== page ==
Every day it seems that progress is made in the production of some sort or renewable energy. But how can these energy sources be integrated into the power grid efficiently and effectively?
At UTSA the Autonomous Control Engineering lab or at least part of it is looking into it. At the Fredericksburg Renewable Energy Roundup a UTSA student representing the department explained how his work involved looking into making the conversion of DC power to AC power and back again for some appliances more efficient.
That is just part of a larger effort to build Energy System of Systems (SoSE) technology which would allow existing and new power sources to be integrated with improved performance and at a reduced cost.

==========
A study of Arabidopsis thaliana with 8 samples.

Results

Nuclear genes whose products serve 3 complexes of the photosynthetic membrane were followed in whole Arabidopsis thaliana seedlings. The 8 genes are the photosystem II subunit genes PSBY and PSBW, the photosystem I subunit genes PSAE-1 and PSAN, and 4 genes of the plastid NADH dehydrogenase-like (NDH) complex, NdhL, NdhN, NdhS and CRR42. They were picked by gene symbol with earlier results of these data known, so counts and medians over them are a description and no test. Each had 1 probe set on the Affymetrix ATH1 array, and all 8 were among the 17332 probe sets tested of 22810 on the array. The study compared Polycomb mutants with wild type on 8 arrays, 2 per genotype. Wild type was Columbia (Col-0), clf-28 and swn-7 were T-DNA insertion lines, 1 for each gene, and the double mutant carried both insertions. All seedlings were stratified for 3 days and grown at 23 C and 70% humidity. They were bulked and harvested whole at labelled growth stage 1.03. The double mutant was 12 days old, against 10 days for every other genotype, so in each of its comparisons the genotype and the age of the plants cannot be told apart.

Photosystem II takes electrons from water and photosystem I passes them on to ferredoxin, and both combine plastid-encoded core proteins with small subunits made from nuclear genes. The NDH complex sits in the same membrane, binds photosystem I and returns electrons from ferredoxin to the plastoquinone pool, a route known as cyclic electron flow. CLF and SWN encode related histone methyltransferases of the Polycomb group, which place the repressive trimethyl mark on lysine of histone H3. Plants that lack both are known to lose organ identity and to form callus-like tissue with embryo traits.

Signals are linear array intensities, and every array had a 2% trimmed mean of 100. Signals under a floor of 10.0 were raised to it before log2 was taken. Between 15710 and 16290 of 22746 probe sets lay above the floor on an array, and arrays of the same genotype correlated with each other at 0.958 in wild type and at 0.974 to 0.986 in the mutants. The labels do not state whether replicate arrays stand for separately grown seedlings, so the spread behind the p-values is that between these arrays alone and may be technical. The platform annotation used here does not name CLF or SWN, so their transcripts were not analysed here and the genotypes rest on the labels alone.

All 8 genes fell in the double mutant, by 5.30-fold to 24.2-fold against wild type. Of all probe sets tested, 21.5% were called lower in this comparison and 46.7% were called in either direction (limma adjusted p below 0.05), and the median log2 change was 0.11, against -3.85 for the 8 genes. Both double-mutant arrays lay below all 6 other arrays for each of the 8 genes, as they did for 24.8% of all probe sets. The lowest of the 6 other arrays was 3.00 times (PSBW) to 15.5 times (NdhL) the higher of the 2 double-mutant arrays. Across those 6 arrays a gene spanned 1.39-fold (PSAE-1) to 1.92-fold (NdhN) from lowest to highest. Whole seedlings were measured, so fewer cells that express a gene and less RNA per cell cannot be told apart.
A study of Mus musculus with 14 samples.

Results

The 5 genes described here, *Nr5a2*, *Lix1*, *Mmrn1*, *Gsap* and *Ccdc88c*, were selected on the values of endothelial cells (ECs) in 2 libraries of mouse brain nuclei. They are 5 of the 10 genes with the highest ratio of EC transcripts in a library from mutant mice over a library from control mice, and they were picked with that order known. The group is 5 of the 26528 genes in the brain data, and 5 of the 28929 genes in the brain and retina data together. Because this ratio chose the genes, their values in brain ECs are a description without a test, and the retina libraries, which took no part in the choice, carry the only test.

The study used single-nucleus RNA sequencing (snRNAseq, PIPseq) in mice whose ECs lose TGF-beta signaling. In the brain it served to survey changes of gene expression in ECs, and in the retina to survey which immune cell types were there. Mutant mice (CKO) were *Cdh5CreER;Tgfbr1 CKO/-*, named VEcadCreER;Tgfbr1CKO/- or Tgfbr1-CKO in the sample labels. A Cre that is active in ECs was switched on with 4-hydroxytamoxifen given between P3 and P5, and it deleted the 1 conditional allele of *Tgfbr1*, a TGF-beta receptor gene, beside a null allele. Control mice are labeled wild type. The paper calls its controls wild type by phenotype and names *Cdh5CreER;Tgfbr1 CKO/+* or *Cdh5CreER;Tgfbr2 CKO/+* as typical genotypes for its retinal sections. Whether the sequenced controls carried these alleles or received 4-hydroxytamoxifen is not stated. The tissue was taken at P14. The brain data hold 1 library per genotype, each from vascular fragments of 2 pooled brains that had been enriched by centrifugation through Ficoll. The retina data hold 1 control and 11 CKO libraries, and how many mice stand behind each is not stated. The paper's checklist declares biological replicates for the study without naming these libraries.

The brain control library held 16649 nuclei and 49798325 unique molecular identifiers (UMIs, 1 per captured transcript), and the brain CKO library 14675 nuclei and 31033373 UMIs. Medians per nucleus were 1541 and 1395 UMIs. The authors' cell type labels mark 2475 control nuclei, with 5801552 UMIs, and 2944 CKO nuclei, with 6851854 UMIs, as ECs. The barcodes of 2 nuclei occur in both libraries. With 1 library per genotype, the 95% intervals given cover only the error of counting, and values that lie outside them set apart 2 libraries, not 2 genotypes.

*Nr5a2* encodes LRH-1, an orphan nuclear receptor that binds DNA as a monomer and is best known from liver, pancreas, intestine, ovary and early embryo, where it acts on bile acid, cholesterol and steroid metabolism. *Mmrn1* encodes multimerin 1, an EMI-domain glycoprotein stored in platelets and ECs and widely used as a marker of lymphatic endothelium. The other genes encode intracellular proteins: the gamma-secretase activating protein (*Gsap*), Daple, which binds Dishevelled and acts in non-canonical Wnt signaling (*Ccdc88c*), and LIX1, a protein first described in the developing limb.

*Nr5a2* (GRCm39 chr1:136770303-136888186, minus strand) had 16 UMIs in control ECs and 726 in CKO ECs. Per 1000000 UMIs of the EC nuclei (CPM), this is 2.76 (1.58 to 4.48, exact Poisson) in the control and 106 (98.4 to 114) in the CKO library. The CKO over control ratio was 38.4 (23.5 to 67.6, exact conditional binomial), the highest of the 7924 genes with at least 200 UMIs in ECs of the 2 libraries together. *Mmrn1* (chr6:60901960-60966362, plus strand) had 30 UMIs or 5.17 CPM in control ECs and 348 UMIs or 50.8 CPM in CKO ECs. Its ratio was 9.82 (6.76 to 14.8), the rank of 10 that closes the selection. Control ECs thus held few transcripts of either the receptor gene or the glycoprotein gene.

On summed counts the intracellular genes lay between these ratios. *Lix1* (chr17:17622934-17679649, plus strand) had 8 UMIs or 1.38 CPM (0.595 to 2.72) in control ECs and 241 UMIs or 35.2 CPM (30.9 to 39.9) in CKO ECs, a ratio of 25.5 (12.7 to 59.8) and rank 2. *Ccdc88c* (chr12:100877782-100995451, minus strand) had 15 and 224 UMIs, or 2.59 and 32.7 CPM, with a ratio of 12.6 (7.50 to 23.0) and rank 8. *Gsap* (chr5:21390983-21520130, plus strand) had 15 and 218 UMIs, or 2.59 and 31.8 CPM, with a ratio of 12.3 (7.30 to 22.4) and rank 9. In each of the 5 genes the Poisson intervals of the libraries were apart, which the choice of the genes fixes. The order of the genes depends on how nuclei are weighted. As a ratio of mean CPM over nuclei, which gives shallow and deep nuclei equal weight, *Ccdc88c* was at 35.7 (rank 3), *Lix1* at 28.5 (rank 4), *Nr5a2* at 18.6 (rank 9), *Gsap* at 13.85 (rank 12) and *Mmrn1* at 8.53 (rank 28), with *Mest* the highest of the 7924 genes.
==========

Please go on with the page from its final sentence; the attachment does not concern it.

SoSE grew out of Defense Department needs to coordinate and integrate a large number of diverse systems in an environment of uncertainty. In recent years this approach has been applied to complex systems that arise when various systems interact with one another. The complexity itself creates uncertainty which the engineers must deal with, but in many environments the systems themselves are subject to change which creates even more uncertainty.
UTSA professor and director of the Autonomous Control Engineering Center, Mo Jamshidi, Ph.D. is among the world's leading experts on SoSE. As we switch from a system in which our electrical energy came from a small number of roughly similar plants to a system that will include generators that harvest wind and solar power along with such seasonably variable sources as biomass energy the need for Systems of Systems Engineering will continue to grow.
UTSA intends to be at the center of SoSE developments.